Optical bonding is a process used when two or more optic components must be joined or fused. The ability to perform optical bonding is a must for any modern company in the optics industry. Historically, optical bonding has been used in several breakthrough designs, including apochromatic, achromatic, and aplanatic lenses. Optical bonding uses optical-grade adhesive to join the components, so compliance with FDA regulations is imperative for optics vendors. There are several types of optical bonding to be familiar with.
What Are the Different Types of Optical Bonding?
The types of optical bonding are mainly differentiated by the adhesive used to complete the process. The most common types of optical bonding are silicone cured with UV, epoxy, and polyurethane. However, polyurethane has somewhat fallen out of more common usage because the adhesive turns yellowish over time when exposed to light.
- Silicone bonding cured with UV. Silicone has more flexibility during the actual bonding process, making it a widely used choice for many applications. Because of its flexibility, you can also use it to rework damaged existing bonds. Silicone has several features that make it a popular choice:
- Repels water from watertight seals
- Low conductivity
- Low chemical reactivity
- Thermal resistance
However, a drawback with silicone bonding is that debris can often form around bond edges if they are exposed during handling. The edges of the optical components can be covered to thwart this.
- Epoxy. Epoxy is another adhesive used in the optical bonding process. Epoxy forms a tighter bond than silicone, which may be more suitable for certain applications. Because of its strength, epoxy does not leave room for debris to form on the bond’s edges. However, epoxy cannot be reworked like silicone can, so it depends on the particular application whether this is a good fit or not.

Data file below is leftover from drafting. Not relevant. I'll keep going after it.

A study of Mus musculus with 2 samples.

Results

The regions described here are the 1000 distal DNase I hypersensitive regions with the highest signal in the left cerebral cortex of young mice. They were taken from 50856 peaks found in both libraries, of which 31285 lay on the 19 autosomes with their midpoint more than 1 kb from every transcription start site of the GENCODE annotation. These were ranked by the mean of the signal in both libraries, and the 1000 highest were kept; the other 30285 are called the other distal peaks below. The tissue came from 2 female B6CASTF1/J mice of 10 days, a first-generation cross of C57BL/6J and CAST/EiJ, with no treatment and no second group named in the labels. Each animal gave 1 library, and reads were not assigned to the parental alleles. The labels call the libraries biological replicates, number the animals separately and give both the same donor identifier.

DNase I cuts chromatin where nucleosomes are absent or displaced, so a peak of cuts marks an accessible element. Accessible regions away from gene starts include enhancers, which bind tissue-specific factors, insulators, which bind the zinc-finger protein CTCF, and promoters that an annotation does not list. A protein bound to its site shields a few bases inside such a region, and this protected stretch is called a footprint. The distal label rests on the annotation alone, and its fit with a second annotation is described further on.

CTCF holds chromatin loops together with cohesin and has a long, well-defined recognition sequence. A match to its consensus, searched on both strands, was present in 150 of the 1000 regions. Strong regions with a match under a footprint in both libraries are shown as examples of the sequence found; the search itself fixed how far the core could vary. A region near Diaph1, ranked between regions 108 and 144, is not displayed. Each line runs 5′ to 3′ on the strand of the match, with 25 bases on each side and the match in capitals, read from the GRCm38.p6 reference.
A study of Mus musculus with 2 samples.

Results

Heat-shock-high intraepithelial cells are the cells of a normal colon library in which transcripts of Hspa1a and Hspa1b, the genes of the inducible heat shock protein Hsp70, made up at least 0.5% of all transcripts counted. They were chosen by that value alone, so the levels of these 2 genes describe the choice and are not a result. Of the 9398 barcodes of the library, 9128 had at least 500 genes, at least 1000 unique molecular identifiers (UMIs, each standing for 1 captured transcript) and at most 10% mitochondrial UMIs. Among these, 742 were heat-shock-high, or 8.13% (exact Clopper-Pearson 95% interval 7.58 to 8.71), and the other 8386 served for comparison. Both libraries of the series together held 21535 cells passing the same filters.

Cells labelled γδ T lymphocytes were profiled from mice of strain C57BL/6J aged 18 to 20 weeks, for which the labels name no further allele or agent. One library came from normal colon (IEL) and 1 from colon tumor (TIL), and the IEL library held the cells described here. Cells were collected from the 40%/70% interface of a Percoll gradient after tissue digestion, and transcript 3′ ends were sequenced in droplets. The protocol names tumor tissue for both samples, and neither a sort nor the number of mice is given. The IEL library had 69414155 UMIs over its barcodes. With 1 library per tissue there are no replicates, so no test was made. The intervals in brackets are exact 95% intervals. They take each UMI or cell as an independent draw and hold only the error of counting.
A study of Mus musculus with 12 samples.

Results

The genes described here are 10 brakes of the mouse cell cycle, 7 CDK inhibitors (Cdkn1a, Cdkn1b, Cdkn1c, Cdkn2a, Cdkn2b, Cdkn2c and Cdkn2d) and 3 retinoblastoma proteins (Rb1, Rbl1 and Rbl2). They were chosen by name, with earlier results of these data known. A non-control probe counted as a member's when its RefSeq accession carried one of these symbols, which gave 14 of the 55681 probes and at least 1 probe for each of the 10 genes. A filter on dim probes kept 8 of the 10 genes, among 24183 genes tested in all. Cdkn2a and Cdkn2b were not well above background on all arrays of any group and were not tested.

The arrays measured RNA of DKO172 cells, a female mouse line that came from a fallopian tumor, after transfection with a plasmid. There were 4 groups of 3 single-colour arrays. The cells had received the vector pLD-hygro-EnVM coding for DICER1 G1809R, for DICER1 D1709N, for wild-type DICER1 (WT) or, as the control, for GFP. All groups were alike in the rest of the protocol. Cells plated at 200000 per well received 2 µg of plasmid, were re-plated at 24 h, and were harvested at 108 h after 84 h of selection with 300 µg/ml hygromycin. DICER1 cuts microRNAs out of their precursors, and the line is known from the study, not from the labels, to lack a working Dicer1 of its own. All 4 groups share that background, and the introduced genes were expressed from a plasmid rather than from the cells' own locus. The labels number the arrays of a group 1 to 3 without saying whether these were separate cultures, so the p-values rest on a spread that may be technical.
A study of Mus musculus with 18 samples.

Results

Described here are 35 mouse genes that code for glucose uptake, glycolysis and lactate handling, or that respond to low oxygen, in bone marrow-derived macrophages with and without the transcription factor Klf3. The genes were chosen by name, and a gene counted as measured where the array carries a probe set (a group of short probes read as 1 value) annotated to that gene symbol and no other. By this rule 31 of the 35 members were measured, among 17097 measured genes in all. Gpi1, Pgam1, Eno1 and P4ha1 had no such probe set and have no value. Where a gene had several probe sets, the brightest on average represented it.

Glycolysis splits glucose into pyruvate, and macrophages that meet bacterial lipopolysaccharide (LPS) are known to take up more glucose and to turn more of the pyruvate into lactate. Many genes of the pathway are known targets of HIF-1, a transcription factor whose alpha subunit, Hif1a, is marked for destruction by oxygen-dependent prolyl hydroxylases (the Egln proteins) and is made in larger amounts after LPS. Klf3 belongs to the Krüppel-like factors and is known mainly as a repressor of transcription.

- Polyurethane. Polyurethane is the less commonly used of the three adhesives because its bonds can yellow over time. However, it is still used in polar and avionic applications.
Additionally, new innovations in optical bonding methods include diffusion bonding, thermal annealing, and frit bonding.
Other Optical Bonding Methods
There are other optical bonding methods that differ from the list above. They are as follows:
Optical Contact Bonding
Optical contact bonding is a method performed without any adhesive. In optical bonding, the deviation between the components must be smaller than one nanometer. Provided this is met, the components can be joined together using intermolecular and physical adhesion. In addition, components used for optical contact bonding must have a high degree of surface quality, using the polishing and surface quality standards found here. Advantages of optical contact bonding include that it reduces thickness, allows no air, dust, or steam, and reduces reflections. A disadvantage is that if an optical contact bonding component is broken, it is very expensive to replace. Optical contact bonding is one of our capabilities, as we can produce the optical components necessary for this level of high surface quality.
Anodic bonding is an optical contact bonding that uses hermetic sealing between glass and silicone but without a middle layer. The process of anodic bonding requires the application of heat and an electrical field to the materials. Advantages of anodic bonding include the strength of the bond, hermetic seal, and low pressure. Drawbacks include the temperatures and high voltage requirements in order to perform anodic bonding.